Thursday, April 16, 2009

Shutting Down For The Night

I promised two posts for tonight I won't complete and post.

I'm sorry about that. Things have gotten hectic.

But I'll post them tomorrow.

I hope you're back.

Thanks for your understanding.



Danvers said...


In the U.S. Navy signal code, used before ACP 175, "well done" was signaled as TVG, or "Tare Victor George" in the U.S. radio alphabet of that time. ACP 175 was organized in the general manner of other signal books, that is, starting with 1-flag signals, then 2-flag and so on. The 2-flag signals were organized by general subject, starting with AA, AB, AC, ... AZ, BA, BB, BC, ... BZ, and so on. The B- signals were called "Administrative" signals, and dealt with miscellaneous matters of administration and housekeeping. The last signal on the "Administrative" page was BZ, standing for "well done".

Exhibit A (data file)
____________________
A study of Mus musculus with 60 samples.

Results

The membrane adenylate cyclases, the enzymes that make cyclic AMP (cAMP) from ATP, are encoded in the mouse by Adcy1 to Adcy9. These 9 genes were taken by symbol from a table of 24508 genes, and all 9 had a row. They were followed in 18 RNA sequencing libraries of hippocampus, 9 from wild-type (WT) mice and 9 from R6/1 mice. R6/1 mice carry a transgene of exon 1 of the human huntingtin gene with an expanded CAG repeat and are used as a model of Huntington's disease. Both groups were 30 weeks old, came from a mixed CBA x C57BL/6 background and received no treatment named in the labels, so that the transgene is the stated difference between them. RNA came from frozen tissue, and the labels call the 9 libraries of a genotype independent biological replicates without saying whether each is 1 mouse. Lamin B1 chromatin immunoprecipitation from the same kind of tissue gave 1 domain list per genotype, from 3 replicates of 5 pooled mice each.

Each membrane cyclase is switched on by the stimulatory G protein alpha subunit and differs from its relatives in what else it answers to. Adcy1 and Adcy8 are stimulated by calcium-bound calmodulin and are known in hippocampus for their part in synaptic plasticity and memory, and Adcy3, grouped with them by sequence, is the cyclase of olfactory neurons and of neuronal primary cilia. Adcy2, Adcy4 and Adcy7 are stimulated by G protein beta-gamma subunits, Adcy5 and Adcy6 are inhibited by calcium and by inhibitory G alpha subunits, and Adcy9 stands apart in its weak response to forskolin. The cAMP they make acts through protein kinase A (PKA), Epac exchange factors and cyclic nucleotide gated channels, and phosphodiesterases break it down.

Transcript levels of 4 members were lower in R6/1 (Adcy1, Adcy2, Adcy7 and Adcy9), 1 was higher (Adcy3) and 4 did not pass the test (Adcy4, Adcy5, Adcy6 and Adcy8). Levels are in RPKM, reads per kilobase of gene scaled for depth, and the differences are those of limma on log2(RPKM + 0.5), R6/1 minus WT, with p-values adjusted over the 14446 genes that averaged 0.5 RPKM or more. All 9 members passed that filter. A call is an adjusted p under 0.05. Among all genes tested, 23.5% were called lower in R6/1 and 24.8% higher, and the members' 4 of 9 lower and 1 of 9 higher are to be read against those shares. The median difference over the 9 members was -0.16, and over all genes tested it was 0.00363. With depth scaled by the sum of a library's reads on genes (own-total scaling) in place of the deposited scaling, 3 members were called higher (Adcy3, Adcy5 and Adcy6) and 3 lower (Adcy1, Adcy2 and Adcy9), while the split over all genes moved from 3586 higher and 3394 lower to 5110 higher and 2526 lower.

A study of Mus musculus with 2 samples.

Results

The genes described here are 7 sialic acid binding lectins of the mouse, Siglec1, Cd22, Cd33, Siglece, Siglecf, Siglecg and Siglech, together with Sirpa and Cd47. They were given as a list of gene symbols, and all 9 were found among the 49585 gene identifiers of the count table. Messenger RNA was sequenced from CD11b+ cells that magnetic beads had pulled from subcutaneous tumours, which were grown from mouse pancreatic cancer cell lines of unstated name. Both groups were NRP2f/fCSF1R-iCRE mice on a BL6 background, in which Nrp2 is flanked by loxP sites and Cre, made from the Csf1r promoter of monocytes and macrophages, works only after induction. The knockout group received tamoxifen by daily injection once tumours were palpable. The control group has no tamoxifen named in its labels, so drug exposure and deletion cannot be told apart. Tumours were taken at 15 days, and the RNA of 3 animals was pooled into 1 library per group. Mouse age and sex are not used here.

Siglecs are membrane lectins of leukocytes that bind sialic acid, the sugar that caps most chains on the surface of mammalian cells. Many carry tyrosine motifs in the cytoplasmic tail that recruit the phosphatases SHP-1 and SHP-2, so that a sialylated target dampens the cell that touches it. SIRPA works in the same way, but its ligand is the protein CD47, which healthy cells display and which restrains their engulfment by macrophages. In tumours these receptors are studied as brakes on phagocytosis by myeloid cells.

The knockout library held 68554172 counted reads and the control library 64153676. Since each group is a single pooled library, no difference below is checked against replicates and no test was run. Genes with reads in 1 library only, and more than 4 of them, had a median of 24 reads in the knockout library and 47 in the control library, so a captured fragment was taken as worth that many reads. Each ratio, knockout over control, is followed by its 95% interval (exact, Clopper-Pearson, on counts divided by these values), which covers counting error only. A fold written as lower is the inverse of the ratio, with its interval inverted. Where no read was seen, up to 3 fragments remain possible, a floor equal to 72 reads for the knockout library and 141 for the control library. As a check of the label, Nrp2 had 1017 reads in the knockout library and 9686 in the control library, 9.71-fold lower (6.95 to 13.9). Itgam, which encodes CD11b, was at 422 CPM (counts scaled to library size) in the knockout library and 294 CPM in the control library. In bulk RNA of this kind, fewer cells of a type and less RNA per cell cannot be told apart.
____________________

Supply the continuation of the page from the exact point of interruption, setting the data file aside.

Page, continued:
The term originates from the Allied Signals Book (ATP 1), which in the aggregate is for official use only. Signals are sent as letters and/or numbers, which have meanings by themselves sometimes or in certain combinations. A single table in ATP 1 is called "governing groups," that is, the entire signal that follows the governing group is to be performed according to the "governor." The letter "B" indicates this table, and the second letter (A through Z) gives more specific information. For example, "BA" might mean "You have permission to . . . (do whatever the rest of the flashing light, flag hoist or radio transmission says) "BZ" happens to be the last item in the governing groups table. It means "well done".